National Water Week, which takes place from 16-22 March, is an important time to focus on preventing the pollution of our water sources, which are severely threatened by sewerage, plastics, fertilizers, motor oil and other chemicals.
Of the many sources of contamination that could end up making their way into our dwindling water resources, one is used motor lubricant oil, a common by-product of mechanised processes in all industry sectors. South Africa generates over 120 million litres of used oil in a year alone. This hazardous substance, contaminated by heavy metals and chemicals that are harmful to the environment and our health, is often dumped down drains and onto the ground, where it can make its way into our rivers and ground water.ADVERTISEMENT
The ROSE Foundation (Recycling Oil Saves The Environment) is putting out a call during National Water Week for South Africans to be vigilant when it comes to used oil and for generators of used oil to store and recycle their used oil responsibly.
Water contamination threatens already dwindling water resources
“The water infrastructure in many South African towns and cities is already challenged, and pollution of rivers is a massive problem as sewage and other contaminants seep into ground and litter is washed into rivers from surrounding areas,” says Bubele Nyiba, CEO of ROSE.
Nyiba explains that because of its harmful properties, used oil is classified as a hazardous waste and is strictly governed by environmental laws – with its storage and disposal needing to meet the requirements of the Waste Act.
“The ROSE Foundation has been championing the responsible collection and removal of used oil for proper recycling since 1994. Due to a lack of education many South Africans who generate used oil may dispose of it improperly and illegally – pouring it down drains, into landfills, throwing it out onto the ground, or re-using it as a dust suppressant, burner fuel, or wood preservative.”
The ROSE Foundation drives recycling on behalf of the motor lubricants industry in an effort to keep used oil out of the environment. Nyiba says they have been successful but more needs to be done: “We have recycled 1,5 billion litres of used oil over the last 26 years – that’s a massive amount of used oil that could have ended up in our ground water.”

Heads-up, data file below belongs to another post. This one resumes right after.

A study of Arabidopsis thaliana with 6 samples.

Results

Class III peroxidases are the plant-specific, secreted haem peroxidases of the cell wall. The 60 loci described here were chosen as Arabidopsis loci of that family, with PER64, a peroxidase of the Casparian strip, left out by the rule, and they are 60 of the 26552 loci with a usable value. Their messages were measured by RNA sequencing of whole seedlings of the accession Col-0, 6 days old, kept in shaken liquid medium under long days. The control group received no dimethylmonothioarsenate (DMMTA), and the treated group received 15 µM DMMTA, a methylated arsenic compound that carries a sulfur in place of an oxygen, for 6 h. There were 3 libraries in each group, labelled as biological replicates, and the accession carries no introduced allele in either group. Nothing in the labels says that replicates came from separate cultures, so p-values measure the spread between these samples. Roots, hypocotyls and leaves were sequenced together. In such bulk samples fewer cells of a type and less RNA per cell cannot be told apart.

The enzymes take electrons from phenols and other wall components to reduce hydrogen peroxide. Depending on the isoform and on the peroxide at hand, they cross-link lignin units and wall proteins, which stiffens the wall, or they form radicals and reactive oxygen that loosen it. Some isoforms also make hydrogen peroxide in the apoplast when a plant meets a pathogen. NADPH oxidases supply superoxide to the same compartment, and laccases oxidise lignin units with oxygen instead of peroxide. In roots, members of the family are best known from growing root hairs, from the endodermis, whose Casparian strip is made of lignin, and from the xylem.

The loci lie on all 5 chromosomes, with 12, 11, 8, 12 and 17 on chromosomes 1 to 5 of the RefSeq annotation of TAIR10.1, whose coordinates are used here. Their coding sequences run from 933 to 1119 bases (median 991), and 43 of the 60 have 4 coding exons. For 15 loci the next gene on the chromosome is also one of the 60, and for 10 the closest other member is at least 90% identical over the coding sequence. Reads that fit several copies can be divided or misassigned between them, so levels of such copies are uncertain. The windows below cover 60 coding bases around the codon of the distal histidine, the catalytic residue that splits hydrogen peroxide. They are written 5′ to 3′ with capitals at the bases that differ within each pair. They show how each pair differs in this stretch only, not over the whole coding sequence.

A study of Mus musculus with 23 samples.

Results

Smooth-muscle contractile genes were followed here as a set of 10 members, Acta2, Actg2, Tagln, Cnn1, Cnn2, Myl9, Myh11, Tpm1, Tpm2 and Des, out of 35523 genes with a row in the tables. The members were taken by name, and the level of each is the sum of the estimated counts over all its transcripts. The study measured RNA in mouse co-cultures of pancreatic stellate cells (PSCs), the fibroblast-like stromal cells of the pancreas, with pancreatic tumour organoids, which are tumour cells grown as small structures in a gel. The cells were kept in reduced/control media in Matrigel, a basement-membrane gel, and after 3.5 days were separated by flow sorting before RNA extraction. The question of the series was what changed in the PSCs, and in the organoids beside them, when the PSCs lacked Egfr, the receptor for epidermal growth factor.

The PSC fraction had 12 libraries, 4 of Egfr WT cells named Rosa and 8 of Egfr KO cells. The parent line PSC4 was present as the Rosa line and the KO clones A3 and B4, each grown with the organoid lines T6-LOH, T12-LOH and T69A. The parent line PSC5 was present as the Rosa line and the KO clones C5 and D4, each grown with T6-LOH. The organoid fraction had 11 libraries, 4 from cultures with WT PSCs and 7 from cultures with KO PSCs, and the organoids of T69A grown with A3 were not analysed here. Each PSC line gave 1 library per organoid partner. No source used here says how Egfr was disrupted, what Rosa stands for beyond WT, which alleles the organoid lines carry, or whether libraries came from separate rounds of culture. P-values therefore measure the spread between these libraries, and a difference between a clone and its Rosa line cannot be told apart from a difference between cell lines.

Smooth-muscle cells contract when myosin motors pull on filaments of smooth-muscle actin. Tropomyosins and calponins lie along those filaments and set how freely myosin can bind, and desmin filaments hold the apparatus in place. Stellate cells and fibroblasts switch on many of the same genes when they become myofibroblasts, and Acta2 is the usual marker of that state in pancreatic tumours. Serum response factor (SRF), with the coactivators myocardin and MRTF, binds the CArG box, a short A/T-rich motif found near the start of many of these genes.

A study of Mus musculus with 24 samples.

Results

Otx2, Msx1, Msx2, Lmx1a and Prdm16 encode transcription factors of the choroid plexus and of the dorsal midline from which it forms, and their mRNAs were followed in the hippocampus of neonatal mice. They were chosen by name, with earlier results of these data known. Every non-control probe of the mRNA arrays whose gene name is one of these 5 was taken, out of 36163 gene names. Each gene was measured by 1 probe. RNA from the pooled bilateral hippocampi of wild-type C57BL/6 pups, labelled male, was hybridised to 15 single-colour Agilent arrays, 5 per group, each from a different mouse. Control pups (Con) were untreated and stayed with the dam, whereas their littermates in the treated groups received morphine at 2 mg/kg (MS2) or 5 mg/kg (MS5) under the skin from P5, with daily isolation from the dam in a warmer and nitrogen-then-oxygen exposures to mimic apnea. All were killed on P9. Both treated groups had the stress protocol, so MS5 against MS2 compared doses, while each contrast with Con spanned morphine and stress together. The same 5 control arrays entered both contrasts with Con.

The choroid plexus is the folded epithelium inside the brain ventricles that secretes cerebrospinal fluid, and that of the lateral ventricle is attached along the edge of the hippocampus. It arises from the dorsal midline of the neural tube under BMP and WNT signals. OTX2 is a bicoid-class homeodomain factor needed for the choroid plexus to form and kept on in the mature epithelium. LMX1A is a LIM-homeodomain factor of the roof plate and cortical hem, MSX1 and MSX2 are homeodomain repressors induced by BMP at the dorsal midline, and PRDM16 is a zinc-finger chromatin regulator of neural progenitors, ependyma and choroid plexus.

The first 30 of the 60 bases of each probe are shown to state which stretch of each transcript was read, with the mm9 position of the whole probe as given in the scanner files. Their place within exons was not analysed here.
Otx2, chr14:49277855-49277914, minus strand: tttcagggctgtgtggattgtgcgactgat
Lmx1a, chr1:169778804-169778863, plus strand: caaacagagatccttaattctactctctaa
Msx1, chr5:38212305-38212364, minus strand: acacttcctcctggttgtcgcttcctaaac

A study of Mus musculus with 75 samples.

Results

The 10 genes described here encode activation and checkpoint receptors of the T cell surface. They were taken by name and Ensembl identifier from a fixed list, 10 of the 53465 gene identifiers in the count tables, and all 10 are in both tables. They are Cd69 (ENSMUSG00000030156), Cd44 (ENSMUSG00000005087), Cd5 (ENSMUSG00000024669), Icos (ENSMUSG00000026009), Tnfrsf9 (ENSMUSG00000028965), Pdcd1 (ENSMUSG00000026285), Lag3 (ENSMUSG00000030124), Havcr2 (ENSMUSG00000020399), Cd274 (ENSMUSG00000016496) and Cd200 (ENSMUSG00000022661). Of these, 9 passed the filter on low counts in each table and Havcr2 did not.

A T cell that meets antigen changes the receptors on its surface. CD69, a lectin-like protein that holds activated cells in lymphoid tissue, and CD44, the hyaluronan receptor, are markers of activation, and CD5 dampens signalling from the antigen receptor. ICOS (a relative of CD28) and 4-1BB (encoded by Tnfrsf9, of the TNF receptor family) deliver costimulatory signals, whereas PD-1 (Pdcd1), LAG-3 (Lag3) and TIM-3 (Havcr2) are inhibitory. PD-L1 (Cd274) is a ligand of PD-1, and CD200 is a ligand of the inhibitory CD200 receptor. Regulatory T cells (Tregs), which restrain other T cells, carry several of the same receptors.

ROSE offers some practical tips on what to do with used oil:ADVERTISEMENT
Empty oil containers and drums make effective makeshift storage vessels for used oil, however, DO NOT use a container that previously held chemicals, such as cleaners, solvents, fuels, paint or bleach.
Always clearly label the container “Used Motor Oil.”
Keep these containers in a place that can be accessed by a ROSE registered used oil collector and keep the surrounding area clear and clean. Ideally store them under cover and away from heat or sources of ignition.
Keep oil change pans free of water and ensure your storage containers are tightly sealed and covered to protect them from rain water. Oil that is contaminated with water is far more difficult to recycle.
Ensure that you do not mix used oil with other fluids such as antifreeze, transmission fluid, petrol, diesel etc. Mixing them may make them non-recyclable as well as very hazardous and flammable.
Build a bund wall around bulk used oil storage tanks so that in the event of a spill or leak, the used oil will be contained. In the event of an oil spill, contact your used oil collector.
Once your container is full you can drop it off at your nearest approved municipal garden refuse site – a list of which is available from the ROSE Foundation. Otherwise, most reputable service centres have used oil storage facilities and will take your oil, as they are paid according to volume by the collectors who take it away for processing.
For those South Africans who may not directly generate used oil, the ROSE Foundation asks that you question the service station where you have your car serviced to find out what they do with their used oil. “Ensure you use a reputable service centre that properly stores their used oil for removal by a registered collector.”
Nyiba says that the safe disposal of hazardous waste has become a critical issue in South Africa in order to protect our environment. “The legislation in place in South Africa means that responsible waste management is no longer a nice thing to do but a necessary thing to do.”
For more information and to find out about an accredited collector or drop-off point, contact the ROSE Foundation on (021) 448 7492 or visit www.rosefoundation.org.za.